The other day, my mother handed me a couple of books she had found while sorting through my late grandfather’s belongings. One was entitled Military Science and Tactics: Infantry Basic Course, which I presume was left over from his days in basic training during World War II.

While most of the book revolved around weapon instruction, military procedures, and various wartime strategies, the opening pages were of a different sort. Those gave the enlisted men a crash course review of the Constitution, the rights Americans have as citizens, and the philosophy of our government. The end of the chapter featured questions which asked readers to recite the preamble to the Constitution, describe the checks and balances system, and explain the principal tenets of the American philosophy of government.

Although the inclusion of this civic review initially surprised me, I quickly realized how essential it was. Unless the young men and women of the so-called “Greatest Generation” were taught and reminded of the principles which made their country great, then how could they be expected to responsibly defend their country on the battlefield?

That thought came into even more clarity when I read Bret Stephens’ recent Wall Street Journal piece on civic education. Stephens points out that the United States and much of Europe have rejected the idea of teaching Western Civilization courses, presumably because the preeminence of old, dead, white, heterosexual males in its history doesn’t fit with the current mantra of diversity.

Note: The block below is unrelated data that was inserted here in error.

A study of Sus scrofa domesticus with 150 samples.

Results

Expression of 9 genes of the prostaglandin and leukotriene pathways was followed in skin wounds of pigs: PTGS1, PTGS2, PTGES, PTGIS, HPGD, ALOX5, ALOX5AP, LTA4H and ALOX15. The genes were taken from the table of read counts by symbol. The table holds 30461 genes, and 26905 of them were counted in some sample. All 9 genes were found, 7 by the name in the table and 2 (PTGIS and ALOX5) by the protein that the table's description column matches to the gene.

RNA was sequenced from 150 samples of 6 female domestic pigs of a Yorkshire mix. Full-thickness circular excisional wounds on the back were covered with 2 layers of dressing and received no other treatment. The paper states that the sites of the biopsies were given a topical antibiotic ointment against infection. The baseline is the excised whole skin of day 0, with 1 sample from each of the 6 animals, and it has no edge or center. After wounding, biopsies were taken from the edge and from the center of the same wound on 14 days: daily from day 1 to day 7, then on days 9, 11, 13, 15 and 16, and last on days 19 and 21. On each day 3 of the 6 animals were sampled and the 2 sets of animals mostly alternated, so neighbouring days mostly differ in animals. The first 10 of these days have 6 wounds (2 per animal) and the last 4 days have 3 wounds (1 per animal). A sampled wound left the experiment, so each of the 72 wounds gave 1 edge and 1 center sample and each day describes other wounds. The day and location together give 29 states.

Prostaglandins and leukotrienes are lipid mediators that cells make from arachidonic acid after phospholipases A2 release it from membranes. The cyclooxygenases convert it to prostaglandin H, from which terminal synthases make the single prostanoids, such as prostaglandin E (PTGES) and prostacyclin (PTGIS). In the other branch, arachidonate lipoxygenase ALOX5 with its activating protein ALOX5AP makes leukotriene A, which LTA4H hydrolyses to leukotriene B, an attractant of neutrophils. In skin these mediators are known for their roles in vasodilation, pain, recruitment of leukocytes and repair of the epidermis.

By contrast, Stephens notes that countries such as Russia, China, and even Islamic nations are eagerly instilling their citizens with national pride and responsibility – what Stephens calls a “civilizational self-belief” – which will undoubtedly serve them well in the future as international tensions escalate. Furthermore, those same nations no longer have an interest in being like the West. Stephens elaborates on why this is:

“There was a time when the West knew what it was about. It did so because it thought about itself—often in freshman Western Civ classes. It understood that its moral foundations had been laid in Jerusalem; its philosophical ones in Athens; its legal ones in Rome. It treated with reverence concepts of reason and revelation, freedom and responsibility, whose contradictions it learned to harmonize and harness over time. It believed in the excellence of its music and literature, and in the superiority of its political ideals. It was not ashamed of its prosperity. If it was arrogant and sinful, as all civilizations are, it also had a tradition of remorse and doubt to temper its edges and broaden its horizons. It cultivated the virtue of skepticism while avoiding the temptation of cynicism.

And it believed all of this was worth defending—in classrooms and newspapers and statehouses and battlefields.”

Only 24 percent of the nation’s high school seniors are proficient in civics. When it comes to U.S. History, that number drops to 12 percent. If Stephens is correct, this appears to be happening because we no longer believe in the ideals on which our civilization is based.

Unless we start placing greater importance on the history and principles which made our nation great in high school and college classrooms across the country, can we really expect the next generation to fight for and defend us when those principles are inevitably threatened?